It is pretty safe to say that many of us have leant on a packet of biscuits (or a block of chocolate, or a tub of Haagen-Dazs) to get us through a stressful time. Comfort food, right? Exactly when we need comforting!
The clincher here is that high intake of refined sugars can exacerbate stress, though it mightn’t feel like it initially.
The stress response
When your mind or body perceives a threat, like a snarling saber tooth tiger, a blaring car horn, or a stampede of Boxing Day sale revellers, your adrenal glands (sitting neatly atop the kidneys) are stimulated into action, preparing you to flee or fight in order to survive. They do this by releasing adrenaline and cortisol.
Adrenaline increases heart rate, blood pressure, blood flow to muscles, and blood glucose levels. Cortisol is necessary for maintaining blood glucose levels, and in times of stress, stimulates stored carbohydrates, fats and proteins to be converted to glucose, for use by muscle tissues and the brain. Together these hormones want to provide you quick access to stored energy to spur you into action.
So, stress hormones are pretty great!
Well, they are, but only in the short term. Chronically, all kinds of madness can take place.
Busy, busy, busy – the chronic state of stress
It is interesting that we live in a society where we thrive on the idea of being busy, or stressed, and people may even congratulate us for it. But is it doing us any good?
Being in a chronic state of stress hampers the activity of the part of the nervous system (parasympathetic) that works in opposition to the stress supporting half (sympathetic). As the body believes escaping the tiger is probably more pertinent than most other bodily processes, this results in:
- Weight gain
- Alerted digestive function (including bloating, heartburn, constipation, diarrhoea)
- Weakened immune system
- Suppressed reproductive system (affecting libido, menstrual cycles, and even fertility)
- Brain fog (such as memory and concentration issues)
As mentioned, cortisol calls on stored carbohydrates, fats and protein to boost blood glucose levels, to run from that pesky tiger (that just won’t go away). When this demand is persistent, over time, protein in muscle tissue diminishes. Muscle tissue is where much of our energy molecules – ATP (hello, 9th grade biology) – are created. Less muscle over time leads to a less sustained source of energy. And what do we do when we want a hit of energy? Did someone say Snickers?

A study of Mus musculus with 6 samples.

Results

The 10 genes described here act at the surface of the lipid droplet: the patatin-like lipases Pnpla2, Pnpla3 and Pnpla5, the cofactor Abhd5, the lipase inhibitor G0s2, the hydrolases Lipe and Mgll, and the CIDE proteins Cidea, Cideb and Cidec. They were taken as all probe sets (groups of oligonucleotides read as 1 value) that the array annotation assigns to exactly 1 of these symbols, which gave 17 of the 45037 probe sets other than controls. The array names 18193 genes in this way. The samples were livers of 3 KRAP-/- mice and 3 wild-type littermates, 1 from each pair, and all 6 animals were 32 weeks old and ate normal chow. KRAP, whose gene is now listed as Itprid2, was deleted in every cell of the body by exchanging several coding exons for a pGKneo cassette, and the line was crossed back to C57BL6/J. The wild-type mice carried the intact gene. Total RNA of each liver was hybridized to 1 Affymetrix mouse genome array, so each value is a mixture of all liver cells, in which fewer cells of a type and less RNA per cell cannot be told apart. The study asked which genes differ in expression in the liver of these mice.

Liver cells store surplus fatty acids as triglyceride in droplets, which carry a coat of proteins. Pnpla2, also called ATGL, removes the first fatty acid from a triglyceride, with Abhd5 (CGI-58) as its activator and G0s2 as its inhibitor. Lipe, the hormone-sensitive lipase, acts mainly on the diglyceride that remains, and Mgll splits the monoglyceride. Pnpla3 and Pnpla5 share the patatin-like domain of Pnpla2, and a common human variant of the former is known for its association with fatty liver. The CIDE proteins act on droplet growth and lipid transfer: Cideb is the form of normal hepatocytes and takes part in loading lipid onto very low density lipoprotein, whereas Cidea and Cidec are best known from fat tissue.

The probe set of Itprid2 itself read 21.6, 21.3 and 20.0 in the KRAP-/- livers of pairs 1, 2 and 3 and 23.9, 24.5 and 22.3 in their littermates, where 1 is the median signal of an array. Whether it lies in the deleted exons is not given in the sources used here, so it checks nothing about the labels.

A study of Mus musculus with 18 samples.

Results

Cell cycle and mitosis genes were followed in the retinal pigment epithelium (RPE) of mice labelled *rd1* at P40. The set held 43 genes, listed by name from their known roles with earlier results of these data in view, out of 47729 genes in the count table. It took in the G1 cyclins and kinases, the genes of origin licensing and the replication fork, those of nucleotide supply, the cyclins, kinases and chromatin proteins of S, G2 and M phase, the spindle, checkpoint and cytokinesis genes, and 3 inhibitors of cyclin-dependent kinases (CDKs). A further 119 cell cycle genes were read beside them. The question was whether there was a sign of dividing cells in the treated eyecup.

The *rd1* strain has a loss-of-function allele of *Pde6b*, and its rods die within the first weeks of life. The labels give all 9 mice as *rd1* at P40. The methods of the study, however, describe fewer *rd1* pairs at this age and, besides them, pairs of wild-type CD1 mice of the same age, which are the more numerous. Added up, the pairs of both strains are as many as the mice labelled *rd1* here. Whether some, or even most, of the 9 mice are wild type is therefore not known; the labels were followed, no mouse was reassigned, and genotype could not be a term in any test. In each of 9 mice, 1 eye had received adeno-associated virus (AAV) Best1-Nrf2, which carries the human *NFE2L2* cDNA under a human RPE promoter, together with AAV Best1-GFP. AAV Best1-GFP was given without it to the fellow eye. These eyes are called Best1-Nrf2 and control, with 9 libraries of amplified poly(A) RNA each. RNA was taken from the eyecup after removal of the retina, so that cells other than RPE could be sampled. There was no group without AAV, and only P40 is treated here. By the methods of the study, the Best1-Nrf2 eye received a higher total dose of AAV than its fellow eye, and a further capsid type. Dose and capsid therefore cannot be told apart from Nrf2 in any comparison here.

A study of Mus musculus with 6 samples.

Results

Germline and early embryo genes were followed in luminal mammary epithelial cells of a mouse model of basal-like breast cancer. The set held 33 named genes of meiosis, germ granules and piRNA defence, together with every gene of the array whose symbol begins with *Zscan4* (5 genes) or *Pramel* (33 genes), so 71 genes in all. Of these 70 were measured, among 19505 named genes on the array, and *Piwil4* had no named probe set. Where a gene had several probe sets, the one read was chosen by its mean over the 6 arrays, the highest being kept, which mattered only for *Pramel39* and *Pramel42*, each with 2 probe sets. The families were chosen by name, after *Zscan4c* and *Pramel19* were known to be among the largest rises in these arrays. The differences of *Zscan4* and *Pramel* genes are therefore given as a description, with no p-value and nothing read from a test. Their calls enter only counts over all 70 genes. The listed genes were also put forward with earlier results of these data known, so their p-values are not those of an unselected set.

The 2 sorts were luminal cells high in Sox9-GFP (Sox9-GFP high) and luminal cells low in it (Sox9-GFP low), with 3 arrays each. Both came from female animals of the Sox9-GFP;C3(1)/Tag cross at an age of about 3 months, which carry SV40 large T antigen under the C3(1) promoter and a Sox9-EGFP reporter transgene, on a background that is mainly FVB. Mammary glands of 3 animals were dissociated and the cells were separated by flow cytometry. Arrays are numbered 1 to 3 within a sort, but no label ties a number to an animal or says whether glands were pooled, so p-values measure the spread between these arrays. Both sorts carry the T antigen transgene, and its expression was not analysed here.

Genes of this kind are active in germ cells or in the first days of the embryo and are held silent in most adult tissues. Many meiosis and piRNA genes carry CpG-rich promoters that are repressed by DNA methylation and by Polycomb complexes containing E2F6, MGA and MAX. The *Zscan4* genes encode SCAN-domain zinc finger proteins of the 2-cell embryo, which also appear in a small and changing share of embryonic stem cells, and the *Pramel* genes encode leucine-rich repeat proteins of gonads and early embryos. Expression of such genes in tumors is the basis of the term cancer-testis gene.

Sugar, stimulants and stress
Stress and craving stimulants, such as processed foods, caffeine, alcohol or nicotine, often go hand in hand. The body reacts to either or both of these with a release of stress hormones, and a further desire to smash back something sweet. This is usually a refined type of sugar with high glycaemic load, for a quick hit sugar high.
Then the body realises there isn’t a tiger. And you aren’t running or physically fighting. In fact, we are more than likely sitting most of the day. So the body wants to store the rampant amount of glucose in the blood for use for the next tiger threat, and before it can inflict much damage (as it shouldn’t be floating around the blood in high levels long term). Insulin is then produced to store the excess glucose as fat. At this point after a whopping high, blood sugar levels typically plummet very low, and we crash. So what next? We reach for stimulants and sugar, and so the cycle continues.
What to do?
When you get that sweet or stimulant craving, ask yourself – are you stressed? Even a little?
We must understand that we are in a very stimulating environment, with bright lights, constant noise, and faces glued to smart phones. We then add a busy job, caring for kids, supporting friends and family, running extra hard at the gym as you haven’t moved much today, feelings of guilt that you are never doing enough…well, you can see it doesn’t take much to move into a stress response state, and crave sugar and stimulants to carry us through.
When that craving hits, drink some water, and perhaps go for a 5-10minute walk, or undertake some deep breathing. Long controlled exhalation can go a long, long way in helping moderate a stress response, and help you work toward jumping off of the stress-stimulant-sugar cycle train.